One of the reasons I always encourage people to give the football business a try is because when you make a strong push to do something against the odds, you usually wind up opening doors that would have never otherwise been opened.

Just today, I was talking to a client who’s still new to sports representation, having gotten certified the summer of 2013. While discussing strategies for recruiting this fall, he mentioned that he’d developed relationships that moved him into boxing representation. In that capacity, he manages a handful of pugilists, two men and a woman, all of them with five or fewer pro fights so far, all undefeated. He said that representing boxers involves finding fights as well as sponsors who will put their logo on the boxer’s shorts or signage in the venue.  He indicated that it was already a money-making venture with little start-up capital or heavy investment involved.

This is just one of several collateral professions you might pick up as a result of your work in football. Here are a few others:

  • Mixed martial arts: It’s not always ex-players who branch out into other combat sports like MMA. Sometimes, a client’s brother is involved in the sport and doesn’t have reliable representation. I have some agents who’ve been certified for years who are tempted to leave their NFL work behind because their MMA practice is emerging so steadily.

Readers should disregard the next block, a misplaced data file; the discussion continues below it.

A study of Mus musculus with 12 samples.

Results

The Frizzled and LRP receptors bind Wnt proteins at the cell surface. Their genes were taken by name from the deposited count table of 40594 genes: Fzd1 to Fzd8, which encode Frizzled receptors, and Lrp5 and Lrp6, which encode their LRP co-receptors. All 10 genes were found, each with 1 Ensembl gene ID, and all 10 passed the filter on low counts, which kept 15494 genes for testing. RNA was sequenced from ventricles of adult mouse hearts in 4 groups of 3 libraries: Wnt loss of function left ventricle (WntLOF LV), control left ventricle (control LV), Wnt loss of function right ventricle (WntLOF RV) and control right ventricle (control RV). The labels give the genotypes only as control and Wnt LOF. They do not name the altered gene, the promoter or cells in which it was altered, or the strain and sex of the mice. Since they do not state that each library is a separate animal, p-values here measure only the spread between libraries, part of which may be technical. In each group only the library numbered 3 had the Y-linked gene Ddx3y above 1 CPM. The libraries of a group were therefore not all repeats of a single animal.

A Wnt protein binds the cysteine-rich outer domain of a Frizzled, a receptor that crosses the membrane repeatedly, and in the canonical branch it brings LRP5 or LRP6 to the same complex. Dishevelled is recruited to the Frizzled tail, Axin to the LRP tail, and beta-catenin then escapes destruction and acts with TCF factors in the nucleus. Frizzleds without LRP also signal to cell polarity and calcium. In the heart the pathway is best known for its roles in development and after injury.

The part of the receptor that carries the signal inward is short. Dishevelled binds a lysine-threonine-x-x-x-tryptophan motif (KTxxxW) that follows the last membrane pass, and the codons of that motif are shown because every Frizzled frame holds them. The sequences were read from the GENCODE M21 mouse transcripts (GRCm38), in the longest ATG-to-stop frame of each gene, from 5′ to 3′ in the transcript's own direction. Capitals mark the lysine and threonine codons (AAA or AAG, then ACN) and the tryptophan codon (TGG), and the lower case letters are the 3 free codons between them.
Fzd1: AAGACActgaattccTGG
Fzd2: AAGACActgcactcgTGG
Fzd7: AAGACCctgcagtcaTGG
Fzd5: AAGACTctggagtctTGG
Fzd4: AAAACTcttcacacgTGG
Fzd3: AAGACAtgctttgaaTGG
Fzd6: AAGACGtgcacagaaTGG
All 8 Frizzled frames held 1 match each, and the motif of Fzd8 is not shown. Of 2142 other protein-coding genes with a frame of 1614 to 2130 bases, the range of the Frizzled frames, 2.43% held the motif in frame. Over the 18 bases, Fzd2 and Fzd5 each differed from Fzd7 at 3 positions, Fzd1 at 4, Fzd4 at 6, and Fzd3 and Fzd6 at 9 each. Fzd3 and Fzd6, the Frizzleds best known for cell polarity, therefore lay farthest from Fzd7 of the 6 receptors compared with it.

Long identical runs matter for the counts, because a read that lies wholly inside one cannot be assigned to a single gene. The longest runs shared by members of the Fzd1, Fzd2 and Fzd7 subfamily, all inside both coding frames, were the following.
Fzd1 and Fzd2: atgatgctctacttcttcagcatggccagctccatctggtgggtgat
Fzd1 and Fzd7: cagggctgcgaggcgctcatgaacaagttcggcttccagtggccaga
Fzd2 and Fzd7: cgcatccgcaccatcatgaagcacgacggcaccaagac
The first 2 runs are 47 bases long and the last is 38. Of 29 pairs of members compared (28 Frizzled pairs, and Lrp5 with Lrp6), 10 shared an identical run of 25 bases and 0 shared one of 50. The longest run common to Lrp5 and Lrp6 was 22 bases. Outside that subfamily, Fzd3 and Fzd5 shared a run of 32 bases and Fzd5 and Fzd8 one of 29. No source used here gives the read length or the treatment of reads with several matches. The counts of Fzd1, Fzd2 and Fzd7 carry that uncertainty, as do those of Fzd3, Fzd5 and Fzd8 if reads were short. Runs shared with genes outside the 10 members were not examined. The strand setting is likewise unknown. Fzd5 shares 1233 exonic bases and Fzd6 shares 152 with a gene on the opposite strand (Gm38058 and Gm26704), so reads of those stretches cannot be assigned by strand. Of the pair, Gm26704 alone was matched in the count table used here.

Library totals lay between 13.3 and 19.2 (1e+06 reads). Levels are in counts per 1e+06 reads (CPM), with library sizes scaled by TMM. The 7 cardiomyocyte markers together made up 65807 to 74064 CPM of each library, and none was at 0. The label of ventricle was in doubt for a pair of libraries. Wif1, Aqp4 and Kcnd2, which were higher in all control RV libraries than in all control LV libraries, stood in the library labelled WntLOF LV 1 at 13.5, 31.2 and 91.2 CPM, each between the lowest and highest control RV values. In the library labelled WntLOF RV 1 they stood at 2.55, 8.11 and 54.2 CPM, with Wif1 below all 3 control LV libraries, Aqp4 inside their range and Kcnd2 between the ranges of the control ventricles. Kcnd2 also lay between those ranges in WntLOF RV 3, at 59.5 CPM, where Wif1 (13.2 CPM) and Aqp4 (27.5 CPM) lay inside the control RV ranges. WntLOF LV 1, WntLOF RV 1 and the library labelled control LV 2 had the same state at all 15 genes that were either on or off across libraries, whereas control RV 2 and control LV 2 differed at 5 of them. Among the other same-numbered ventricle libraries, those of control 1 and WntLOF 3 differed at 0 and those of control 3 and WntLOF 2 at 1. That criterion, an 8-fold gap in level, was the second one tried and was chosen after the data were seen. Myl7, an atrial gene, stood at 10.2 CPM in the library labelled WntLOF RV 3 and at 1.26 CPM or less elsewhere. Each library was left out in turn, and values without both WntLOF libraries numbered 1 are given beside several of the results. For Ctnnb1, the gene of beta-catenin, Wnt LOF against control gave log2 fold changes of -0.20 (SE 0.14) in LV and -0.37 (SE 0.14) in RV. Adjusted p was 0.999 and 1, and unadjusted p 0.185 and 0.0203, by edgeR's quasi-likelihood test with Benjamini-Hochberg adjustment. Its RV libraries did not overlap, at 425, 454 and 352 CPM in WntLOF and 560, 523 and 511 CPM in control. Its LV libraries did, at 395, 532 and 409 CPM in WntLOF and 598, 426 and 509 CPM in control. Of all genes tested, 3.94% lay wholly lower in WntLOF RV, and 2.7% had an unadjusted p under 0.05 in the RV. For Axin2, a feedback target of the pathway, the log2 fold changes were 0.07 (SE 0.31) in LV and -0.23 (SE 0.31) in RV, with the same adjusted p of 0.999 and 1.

• Wrestling: Believe it or not, I spoke to an agent who got certified two years ago who got into the NFL ring only to identify big, angry, physical types that could be molded into wrestlers. Here’s the best part: his business model actually attracted the interest of World Wrestling Entertainment. He invited me to meet with representatives from the WWE at last year’s combine but it fell through at the last minute. I’m still hoping to meet with them, for no other reason than pure curiosity. Also because I gave thought once to going to ‘bad guy school’ to learn how to be a wrestler in my younger days.
  • Sports law: OK, I guess this is the obvious one, but it still bears mention. Two of my longtime friends, Darren Heitner of Heitner Legal (and and Adam Kenner of Wolfe Law, both based in Miami, started off in representation. Actually, Adam never got certified, but he was a very close advisor/friend/assistant to David Canter of Davie, Fla.-based DEC Management. I’ve relied on both of them for legal advice and as a sounding board from time to time, and I’ve referred them both to my clients facing legal issues. Adam, especially, had my back when one of my reports drew the attention of a high-visibility rapper (Hint: I’ve got 99 problems, but that’s no longer one of them). They’re both excellent, partly because they’ve seen the business up close.

As you know by now, I’m a strong advocate of trying this business out, really going for it and pursuing your dream. One reason I’m so adamant is that even if you shoot for the stars, you might only hit the moon, and what’s so wrong with that?